Miller Photography UFT members joined more than 1,000 other union members, as well as political, community and religious leaders at a rally at Union Square on July 24 calling for an increase of the minimum wage as part of a statewide Day of Action.
One by one, restaurant, laundry and supermarket workers, health aides, retail workers, taxi drivers and domestic-care workers told stories of their unfair economic treatment to ralliers. And even for those who spoke no Spanish, words like “respeto” and “dignidad” were clearly understood.
Among those who spoke was Adan Nicholas Flores, who works at a Queens car wash for $5.50 an hour. Like many of the 600,000 exploited workers in the state, Flores works 60 to 70 hours a week with no overtime and is required to sign a paper stating that he earns $20 a day in tips to make it appear that the employer is meeting the state’s $7.25 minimum-wage law.
Prince Jackson described his working conditions at JFK International Airport as “a plantation out there.”
Modesto Vidal Sanchez, a worker in the produce department of an Associated supermarket, told of being fired three days ago for trying to organize his fellow workers.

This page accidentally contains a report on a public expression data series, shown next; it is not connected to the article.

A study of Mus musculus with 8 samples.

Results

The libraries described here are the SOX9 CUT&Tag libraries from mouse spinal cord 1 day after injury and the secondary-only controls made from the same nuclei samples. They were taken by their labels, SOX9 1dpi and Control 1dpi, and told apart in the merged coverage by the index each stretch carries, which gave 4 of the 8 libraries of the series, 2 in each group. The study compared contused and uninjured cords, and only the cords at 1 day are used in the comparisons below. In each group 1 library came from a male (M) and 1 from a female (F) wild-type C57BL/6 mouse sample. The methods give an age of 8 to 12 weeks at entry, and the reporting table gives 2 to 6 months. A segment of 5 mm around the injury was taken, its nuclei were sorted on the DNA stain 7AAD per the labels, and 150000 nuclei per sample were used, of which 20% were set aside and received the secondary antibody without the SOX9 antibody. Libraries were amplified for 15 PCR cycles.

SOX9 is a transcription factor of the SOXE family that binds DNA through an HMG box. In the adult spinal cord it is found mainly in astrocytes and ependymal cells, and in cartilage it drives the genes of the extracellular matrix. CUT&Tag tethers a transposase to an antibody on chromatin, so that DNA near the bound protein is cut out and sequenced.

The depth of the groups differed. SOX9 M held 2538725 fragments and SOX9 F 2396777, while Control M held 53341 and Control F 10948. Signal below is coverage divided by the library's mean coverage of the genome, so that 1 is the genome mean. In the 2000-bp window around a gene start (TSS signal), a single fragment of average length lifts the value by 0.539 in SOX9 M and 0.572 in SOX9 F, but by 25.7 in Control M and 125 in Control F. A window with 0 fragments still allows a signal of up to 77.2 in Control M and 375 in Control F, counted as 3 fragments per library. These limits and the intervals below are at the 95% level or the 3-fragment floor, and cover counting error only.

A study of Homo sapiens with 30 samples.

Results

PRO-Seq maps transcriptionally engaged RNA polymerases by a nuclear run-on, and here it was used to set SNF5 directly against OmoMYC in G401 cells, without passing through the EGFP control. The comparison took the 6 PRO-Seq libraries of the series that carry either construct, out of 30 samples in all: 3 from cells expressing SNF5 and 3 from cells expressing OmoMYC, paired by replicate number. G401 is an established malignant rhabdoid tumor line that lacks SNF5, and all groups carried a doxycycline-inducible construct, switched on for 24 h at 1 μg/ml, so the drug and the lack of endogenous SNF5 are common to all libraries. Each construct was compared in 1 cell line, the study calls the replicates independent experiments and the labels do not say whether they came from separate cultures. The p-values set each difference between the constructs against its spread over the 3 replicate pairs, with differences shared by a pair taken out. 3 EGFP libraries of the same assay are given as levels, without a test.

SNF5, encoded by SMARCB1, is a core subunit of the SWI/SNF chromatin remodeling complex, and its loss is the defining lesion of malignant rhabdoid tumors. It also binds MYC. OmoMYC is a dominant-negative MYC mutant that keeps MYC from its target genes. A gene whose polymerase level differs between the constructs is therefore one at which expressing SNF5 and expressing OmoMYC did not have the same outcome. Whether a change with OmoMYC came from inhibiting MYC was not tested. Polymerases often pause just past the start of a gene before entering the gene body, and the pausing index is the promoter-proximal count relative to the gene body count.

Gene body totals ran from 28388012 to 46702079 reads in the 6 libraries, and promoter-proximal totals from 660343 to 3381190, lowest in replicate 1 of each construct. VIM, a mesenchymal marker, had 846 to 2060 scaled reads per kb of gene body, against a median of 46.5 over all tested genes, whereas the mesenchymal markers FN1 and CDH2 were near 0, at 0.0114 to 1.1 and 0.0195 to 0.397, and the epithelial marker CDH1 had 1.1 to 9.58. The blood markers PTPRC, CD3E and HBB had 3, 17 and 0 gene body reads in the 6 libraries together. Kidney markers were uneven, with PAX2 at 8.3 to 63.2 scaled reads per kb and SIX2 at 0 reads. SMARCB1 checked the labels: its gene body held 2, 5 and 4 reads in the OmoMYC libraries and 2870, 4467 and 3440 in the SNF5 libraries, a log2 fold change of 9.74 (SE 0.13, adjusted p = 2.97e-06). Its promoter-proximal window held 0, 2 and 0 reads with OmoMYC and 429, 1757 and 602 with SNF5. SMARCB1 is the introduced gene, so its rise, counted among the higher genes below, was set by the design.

But Tammie Miller, chapter chair of the UFT Family Child Care Providers, reassured the crowd, “We are stronger than the corporation bullies.”
Although the state Assembly passed a bill in May to raise the minimum wage to $8.50, the Republican-controlled state Senate refused to bring it to a vote and Gov. Andrew Cuomo declared that any hike is “not in the realm of possibility.”
The minimum wage was upped in 2009 to the present $7.25 — the federal standard — from $7.15.
Ralliers began at a press conference in Greeley Square, at 34th and Broadway, before marching to join 1,000 others in Union Square. They then carried their message to Con Edison headquarters in solidarity with the 8,500 locked-out workers and to a Manhattan car wash at the end of the day.
Pledging the support of the city’s unions, Hector Figueroa, secretary-treasurer of the Service Employees International Union, called for “real wages” that will lift low-wage workers out of poverty and descried the profits that employers and corporations make from the growing workforce of “invisible, overworked and underpaid workers.”
Clergy from all faiths cast the story of the struggle for decent wages and working conditions as a moral as well as an economic one.
New York State United Teachers Vice President Lee Cutler urged workers and their families to put pressure on the state Legislature and the governor to end “the purely ugly greed.”